Ask The Wizard #204

Hello Wizard, thanks for the great site. Do you have any insight or knowledge of how the Jumbo Jackpot works at Station Casinos? Is it more likely to hit as the jackpot increases simply due to more chances being drawn, or are there other considerations?

Dan from Las Vegas, NV

You’re welcome. I don’t guarantee this as fact, but here is how I believe it works. First, the point at which the jackpot hits is randomly chosen between $50,000 and $100,000. I think each hit point is equally likely.

When the meter crosses the predestined hit point, everybody with a slot card in and playing will win $50 in fee play. To be considered “playing” the player must have his player card inserted, and have made a bet within the last ten seconds. Then, somehow, a machine is chosen at random from all those being actively played to win the Jumbo Jackpot. It does not appear that the bet amount matters, so all qualifying machines have the same probability of being chosen. As long as you can actively play multiple machines, that would muliply your chances of the jackpot by number of machines played, and you would qualify for the free play on all of them.

I would like to thank Bob Dancer for his help with this question.

Note: This answer has been updated in June, 2008, after a rule change to the Jumbo Jackpot.

Many Oklahoma casinos are now offering a version of card craps similar to the California game (like CA, OK has some very silly gambling laws). The version I’ve played uses a 54-card deck, with nine each of ace to six, where the "thrower" calls 1 to 3 burn cards between throws. Suits don’t matter. The cards are not returned to the deck, so the odds of the game are not equivalent to a true craps dice game. Obviously, if a 5&4 is the come out roll, this hurts the odds in hitting it again since the same 5 and 4 are not returned to the deck. So, it might make even more sense to play "don’t pass" at these tables. In addition, it does allow the player to partially count cards (e.g., laying additional odds on the 4 if very few small cards have been seen). How does not returning the cards to the deck change the odds of playing the pass or the don’t pass line?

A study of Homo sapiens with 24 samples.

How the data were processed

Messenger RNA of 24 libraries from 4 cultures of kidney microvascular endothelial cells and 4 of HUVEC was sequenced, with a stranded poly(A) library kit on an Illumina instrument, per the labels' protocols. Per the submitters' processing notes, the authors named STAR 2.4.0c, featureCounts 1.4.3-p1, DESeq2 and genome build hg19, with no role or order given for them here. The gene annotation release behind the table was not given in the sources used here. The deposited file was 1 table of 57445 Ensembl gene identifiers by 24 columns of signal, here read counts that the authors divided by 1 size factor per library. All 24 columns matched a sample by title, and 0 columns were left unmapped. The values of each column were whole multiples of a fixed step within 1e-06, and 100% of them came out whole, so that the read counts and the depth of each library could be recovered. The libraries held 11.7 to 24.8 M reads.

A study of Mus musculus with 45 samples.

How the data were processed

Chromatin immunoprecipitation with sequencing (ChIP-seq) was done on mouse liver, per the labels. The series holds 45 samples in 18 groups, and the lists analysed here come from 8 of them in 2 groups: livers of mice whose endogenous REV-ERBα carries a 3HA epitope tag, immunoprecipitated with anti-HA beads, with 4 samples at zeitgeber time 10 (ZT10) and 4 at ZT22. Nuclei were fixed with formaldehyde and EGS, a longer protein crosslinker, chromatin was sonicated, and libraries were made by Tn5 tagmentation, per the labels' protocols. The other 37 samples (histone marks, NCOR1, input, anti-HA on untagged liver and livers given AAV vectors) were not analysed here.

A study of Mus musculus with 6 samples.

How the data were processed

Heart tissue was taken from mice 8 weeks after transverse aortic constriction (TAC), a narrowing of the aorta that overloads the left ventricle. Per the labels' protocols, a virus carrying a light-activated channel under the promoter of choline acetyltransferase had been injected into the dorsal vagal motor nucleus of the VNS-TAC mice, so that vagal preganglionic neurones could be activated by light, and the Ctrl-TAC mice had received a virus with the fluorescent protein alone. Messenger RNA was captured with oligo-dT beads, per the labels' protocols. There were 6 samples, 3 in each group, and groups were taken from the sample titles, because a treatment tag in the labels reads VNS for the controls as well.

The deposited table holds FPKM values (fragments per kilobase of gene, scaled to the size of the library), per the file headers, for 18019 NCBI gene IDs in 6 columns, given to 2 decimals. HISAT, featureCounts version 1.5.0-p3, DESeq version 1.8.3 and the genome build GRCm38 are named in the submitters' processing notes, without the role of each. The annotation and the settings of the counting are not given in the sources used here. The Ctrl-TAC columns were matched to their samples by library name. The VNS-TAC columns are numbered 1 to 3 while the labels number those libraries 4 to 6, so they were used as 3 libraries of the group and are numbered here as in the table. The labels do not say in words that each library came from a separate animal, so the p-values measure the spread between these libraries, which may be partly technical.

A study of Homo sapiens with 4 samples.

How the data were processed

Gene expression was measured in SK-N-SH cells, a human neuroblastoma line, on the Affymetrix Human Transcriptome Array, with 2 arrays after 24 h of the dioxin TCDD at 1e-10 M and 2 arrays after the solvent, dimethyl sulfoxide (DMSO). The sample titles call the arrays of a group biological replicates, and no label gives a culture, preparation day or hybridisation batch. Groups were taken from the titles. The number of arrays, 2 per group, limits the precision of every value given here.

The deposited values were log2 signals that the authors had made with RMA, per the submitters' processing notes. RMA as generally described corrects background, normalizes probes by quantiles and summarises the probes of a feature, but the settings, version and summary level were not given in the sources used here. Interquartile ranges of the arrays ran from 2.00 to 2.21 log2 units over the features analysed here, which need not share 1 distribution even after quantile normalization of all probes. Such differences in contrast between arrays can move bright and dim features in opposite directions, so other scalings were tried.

This sounds very promising! If this is true, there would be lots of opportunities to count cards. I don’t know if they even allow them, but I think the best opportunities would be on the proposition bets. For example, the “yo” bet, which pays 15 to 1 on an 11, would have a 9.43% house advantage off the top of the deck. However, if no 5 or 6 appears in the first two rolls, the odds swing to a player edge of 5.80%. This same principle would apply to any two-number hop bet.
At the Betfair "Zero Lounge" they pay 976 instead of 800 for the royal flush on a 9/6 to bring the expected return up to 100%. This will have some effect on video poker strategy (slightly favoring plays that have a chance at the royal over ones that don’t). Any chance of publishing an updated strategy for these odds? Cheers.

Brett from Dublin, Ireland

Playing the optimal 9/6 strategy in this game will result in a return of 0.999796. That is an error rate of only 0.02%, which is not worth learning a new strategy over, in my opinion.
I’m curious about the break even point on the Carribean Stud in Sweden, since the jackpot is a bit different. The jackpot costs 5 Kronor and pays 200 for a flush, 400 for a full house, 2,000 for 4 of a kind, 20,000 for a straight flush and 100% for a royal flush. Thank you in advance.

Pelle from Malmoe, Sweden

The rate of return is 34.53%, plus 3.08% for every 100,000 Kronor in the jackpot. The breakeven meter is 2,126,825 Kronor.
Select two random numbers between 0 and 1 (evenly distributed). Now select the smaller of the two. What is the average of the selection? What about the general case of n numbers?


For two numbers, the answer is 1/3, and for n numbers it is 1/(n+1). I posted the solutions to my page of math problems, questions 194 and 195.